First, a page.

New Overtime Rules Effective July 1

Overtime Rules Image

The U.S. Department of Labor recently announced new overtime rules titled “Defining and Delimiting the Exemptions for Executive, Administrative, Professional, Outside Sales, and Computer Employees.” These rules will take effect on July 1, 2024. Here is what you need to know:

New Overtime Rules Purpose

The rule updates and revises the regulations for determining whether certain salaried employees are exempt from minimum wage and overtime requirements under section 13(a)(1) of the Fair Labor Standards Act (FLSA).  The exemption criteria will remain the same, but the salary level will increase.

Salary Level Increases

The final rule increases the standard salary level and the highly compensated employee total annual compensation threshold.  Please reference the chart here for effective dates and amounts.


Exemption Criteria

To fall within the EAP (Executive, Administrative, Professional) exemption, an employee generally must meet three tests:

  1. Be paid a salary, meaning a predetermined and fixed amount not subject to reduction based on work performance.
  2. Receive at least a specified weekly salary level.
  3. Primarily perform executive, administrative, or professional duties as defined in the Department’s regulations.

There’s also an alternative test for certain highly compensated employees who earn a salary above a higher total annual compensation level and satisfy minimal duties requirements.

Overtime Pay

Unless exempt, employees covered by the FLSA must receive overtime pay for hours worked over 40 in a workweek at a rate not less than time and one-half their regular rates of pay.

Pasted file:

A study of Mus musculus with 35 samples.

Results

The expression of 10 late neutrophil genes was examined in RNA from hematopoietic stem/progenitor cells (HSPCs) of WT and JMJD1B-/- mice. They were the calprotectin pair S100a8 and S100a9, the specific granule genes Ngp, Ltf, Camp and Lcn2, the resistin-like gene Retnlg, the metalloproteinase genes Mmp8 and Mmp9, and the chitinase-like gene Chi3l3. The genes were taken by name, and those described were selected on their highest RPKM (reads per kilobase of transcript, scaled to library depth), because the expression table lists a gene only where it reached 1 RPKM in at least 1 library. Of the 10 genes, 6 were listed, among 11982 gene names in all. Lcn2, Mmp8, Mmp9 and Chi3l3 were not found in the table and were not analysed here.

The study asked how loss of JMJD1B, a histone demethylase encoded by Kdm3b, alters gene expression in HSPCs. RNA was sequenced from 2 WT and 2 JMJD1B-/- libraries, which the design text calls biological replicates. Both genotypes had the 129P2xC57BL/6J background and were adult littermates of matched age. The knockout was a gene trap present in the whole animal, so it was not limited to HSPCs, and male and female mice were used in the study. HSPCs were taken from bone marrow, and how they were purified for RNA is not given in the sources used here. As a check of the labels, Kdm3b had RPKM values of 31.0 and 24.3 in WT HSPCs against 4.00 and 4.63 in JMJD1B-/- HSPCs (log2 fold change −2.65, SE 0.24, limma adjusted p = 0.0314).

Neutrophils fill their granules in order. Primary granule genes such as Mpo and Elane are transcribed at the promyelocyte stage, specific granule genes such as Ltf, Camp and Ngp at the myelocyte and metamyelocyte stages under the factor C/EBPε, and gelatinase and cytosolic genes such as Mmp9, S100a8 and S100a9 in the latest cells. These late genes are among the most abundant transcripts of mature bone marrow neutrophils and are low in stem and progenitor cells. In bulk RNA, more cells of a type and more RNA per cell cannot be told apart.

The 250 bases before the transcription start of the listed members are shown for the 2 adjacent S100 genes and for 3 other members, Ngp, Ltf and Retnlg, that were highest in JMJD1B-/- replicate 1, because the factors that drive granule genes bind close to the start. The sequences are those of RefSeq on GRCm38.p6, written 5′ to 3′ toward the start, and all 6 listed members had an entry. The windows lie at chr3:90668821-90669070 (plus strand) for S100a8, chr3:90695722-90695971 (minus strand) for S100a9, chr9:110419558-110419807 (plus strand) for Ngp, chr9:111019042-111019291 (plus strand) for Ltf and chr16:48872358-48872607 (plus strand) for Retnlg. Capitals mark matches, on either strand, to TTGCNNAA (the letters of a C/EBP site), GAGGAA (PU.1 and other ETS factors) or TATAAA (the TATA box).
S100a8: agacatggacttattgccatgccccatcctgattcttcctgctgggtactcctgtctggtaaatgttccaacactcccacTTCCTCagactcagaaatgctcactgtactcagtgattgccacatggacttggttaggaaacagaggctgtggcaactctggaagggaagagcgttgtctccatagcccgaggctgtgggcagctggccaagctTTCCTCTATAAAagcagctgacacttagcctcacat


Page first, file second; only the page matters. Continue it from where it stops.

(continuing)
Workweek Basis

An employee’s workweek is a fixed and regularly recurring period of 168 hours (seven consecutive 24-hour periods).

  • Different workweeks may be established for different employees or groups.
  • Averaging of hours over two or more weeks is not permitted.

What to do

The first step is to identify exempt employees who currently fall into the middle ground. Once you’ve done so, determine the employees’ typical weekly work hours. This may be easier said than done because the hours of many of these employees are not currently tracked. However, by analyzing an employee’s work schedule over a representative period, you can get some idea of the employee’s potential overtime hours. Then, compare the cost of a pay raise to reclassifying the employee as nonexempt and paying time-and-one-half for the employee’s overtime hours.

Employers have choices for handling employees with earnings in the middle ground between the current exemption threshold of $684 per week ($35,568 annually) and the July 1, 2024 increase to $844 per week ($43,888 annually).

  • Bump up an employee’s salary to maintain the exemption, or
  • Reclassify the employee as nonexempt and pay the employee overtime for hours over 40 in a workweek.

Think About Future Changes

As you are crunching the numbers for paying employees overtime, remember that the July 1, 2024, rate changes will only be in effect for six months. Therefore, you may also want to consider the impact when the thresholds increase on January 1, 2025.

The DOL provides guidance materials, fact sheets, online tools, and more related to overtime pay requirements on their website. You can access the Frequently Asked Questions here.

This rule aims to ensure fair compensation for employees and maintain labor standards. If you have further questions, feel free to reach out to us.